Archbishop Richard Smith talks with local reporters over breakfast June 10.

WCR PHOTO | RAMON GONZALEZ

Archbishop Richard Smith talks with local reporters over breakfast June 10.

June 23, 2014
RAMON GONZALEZ
WESTERN CATHOLIC REPORTER

Modern media technology must help us not only to connect virtually but to promote a real encounter with people.

That was the message Archbishop Richard Smith delivered to reporters at the annual Breakfast with the Archbishop at St. Joseph Seminary May 10.

Several print, television and radio journalists enjoyed a traditional bacon and eggs breakfast with Smith and then talked about communications.

Smith used the message of Pope Francis for World Communications Day as a springboard for the conversation.

Entitled Communication at the Service of an Authentic Culture of Encounter, the pope's message says effective Christian witness is not about bombarding people with religious messages but respectfully engaging with their questions and their doubts.

With the Internet and social networks dominating the way people reach out to others, Pope Francis calls on people to go beyond merely connecting with each other.

The pope said that, just as the Good Samaritan took responsibility for the wounded person, it is not enough for people to be connected, but that "connections need to grow into true encounters."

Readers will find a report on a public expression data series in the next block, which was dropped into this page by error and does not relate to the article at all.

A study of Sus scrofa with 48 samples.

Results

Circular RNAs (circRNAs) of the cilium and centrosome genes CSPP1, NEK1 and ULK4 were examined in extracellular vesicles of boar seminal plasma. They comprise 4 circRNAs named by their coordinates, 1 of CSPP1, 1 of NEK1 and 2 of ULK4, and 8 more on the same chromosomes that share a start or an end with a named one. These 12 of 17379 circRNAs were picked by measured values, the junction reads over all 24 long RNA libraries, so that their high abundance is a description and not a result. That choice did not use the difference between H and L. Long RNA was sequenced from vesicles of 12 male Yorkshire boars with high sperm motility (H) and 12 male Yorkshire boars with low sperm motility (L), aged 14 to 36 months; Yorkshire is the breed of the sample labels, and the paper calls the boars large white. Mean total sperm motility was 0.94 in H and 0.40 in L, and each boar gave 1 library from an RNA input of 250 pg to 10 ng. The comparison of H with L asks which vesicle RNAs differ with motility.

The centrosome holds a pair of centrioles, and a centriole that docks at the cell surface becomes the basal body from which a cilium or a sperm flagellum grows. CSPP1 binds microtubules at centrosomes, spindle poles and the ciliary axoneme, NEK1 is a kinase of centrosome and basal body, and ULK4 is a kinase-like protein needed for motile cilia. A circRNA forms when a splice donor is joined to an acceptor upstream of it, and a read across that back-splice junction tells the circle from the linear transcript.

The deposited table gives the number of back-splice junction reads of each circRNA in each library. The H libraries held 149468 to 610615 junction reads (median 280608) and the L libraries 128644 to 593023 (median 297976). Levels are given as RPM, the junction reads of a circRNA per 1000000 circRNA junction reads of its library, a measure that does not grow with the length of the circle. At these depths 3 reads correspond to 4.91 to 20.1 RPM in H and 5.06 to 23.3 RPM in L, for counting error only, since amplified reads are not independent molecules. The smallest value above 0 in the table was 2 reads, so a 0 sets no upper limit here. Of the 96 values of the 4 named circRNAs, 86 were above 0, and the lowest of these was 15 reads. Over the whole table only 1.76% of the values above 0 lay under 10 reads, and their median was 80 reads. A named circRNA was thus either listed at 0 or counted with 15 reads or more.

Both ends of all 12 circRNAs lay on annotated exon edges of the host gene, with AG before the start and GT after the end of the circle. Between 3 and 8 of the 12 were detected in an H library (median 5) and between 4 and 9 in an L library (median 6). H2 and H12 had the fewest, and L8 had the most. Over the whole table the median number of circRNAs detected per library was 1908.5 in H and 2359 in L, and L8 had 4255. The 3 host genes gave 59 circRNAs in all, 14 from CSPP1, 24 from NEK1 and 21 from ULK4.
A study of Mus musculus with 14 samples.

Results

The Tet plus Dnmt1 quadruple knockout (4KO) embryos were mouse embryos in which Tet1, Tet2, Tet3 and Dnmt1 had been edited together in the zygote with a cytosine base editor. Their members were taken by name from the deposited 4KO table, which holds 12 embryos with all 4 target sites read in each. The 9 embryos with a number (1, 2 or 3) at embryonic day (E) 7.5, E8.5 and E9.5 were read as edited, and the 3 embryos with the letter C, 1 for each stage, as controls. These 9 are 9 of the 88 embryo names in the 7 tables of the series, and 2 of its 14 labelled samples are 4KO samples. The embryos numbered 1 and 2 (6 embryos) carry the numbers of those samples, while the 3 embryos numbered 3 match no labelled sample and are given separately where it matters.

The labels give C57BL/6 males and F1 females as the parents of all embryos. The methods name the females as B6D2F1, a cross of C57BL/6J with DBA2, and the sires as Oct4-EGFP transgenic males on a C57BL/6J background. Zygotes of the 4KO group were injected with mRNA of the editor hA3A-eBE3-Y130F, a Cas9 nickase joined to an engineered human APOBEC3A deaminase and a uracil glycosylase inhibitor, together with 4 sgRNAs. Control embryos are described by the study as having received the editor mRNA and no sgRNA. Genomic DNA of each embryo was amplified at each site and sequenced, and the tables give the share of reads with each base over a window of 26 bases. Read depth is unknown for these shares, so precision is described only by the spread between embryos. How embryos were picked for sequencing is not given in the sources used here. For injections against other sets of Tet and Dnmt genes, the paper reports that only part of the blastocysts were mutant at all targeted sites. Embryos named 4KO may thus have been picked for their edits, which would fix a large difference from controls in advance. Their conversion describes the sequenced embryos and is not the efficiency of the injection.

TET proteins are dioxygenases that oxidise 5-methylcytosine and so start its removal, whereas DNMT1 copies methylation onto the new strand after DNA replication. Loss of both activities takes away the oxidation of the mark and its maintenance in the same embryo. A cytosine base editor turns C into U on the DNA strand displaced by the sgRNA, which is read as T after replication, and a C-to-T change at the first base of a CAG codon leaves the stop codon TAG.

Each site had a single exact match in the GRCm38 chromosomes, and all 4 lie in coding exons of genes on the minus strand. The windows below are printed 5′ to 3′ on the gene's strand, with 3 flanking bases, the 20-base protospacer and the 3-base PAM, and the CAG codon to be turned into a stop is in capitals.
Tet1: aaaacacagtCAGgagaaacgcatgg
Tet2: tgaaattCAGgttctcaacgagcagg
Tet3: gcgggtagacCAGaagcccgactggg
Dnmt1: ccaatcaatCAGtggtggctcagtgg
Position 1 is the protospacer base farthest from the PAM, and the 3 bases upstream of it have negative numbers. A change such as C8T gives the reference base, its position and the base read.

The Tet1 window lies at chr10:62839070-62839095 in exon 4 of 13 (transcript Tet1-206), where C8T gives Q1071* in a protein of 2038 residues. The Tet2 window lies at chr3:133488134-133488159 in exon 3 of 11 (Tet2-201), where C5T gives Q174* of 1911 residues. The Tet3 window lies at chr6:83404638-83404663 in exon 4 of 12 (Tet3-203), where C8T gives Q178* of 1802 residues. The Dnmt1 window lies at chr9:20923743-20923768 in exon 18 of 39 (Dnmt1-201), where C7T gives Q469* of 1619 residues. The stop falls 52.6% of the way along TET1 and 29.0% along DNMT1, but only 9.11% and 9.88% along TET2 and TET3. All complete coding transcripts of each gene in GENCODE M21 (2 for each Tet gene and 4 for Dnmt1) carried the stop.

Smith said the message also highlights "the sad reality of division that exists in humanity at a whole host of different levels," such as the division between rich and poor and the divisions that exist in nations where there is civil strife such as Syria and Ukraine.

The pope's call for a culture of encounter is aimed at healing divisions among people, Smith explained.

"By encountering, he means being present to the other and really taking time to listen to the other and learn from the other and understand the good in the other."

POLITICAL LEADERS PRAY

A good example of this type of encounter was the June 8 peace prayer session involving leaders of Israel and the Palestinian Authority which the pope hosted at the Vatican.

"Some people started to wonder whether he was jumping into politics, but he said 'No, this is very specifically an encounter for prayer,'" Smith said.

"But symbolically that struck me as really important because it was inviting two parties historically very divided, often intractably, to an encounter that would foster a listening and a mutual understanding as a necessary grounding for peace.

"I thought that was a dramatic example of what he had been trying to foster through his messages from day one."

DIGITAL NEIGHBOURLINESS

Citing Francis' statement, Smith spoke of the need to introduce neighbourliness into the digital world of communication. He said the Internet offers immense possibilities for encouraging encounter and solidarity.

"We want to do our best to keep our churches, our physical buildings, open. But how do we stay open in the digital world and create those spaces where people can come in their hurt and in their need and find the hope and the consolation and the solace that can come from the Church, from the Gospel of the Lord?"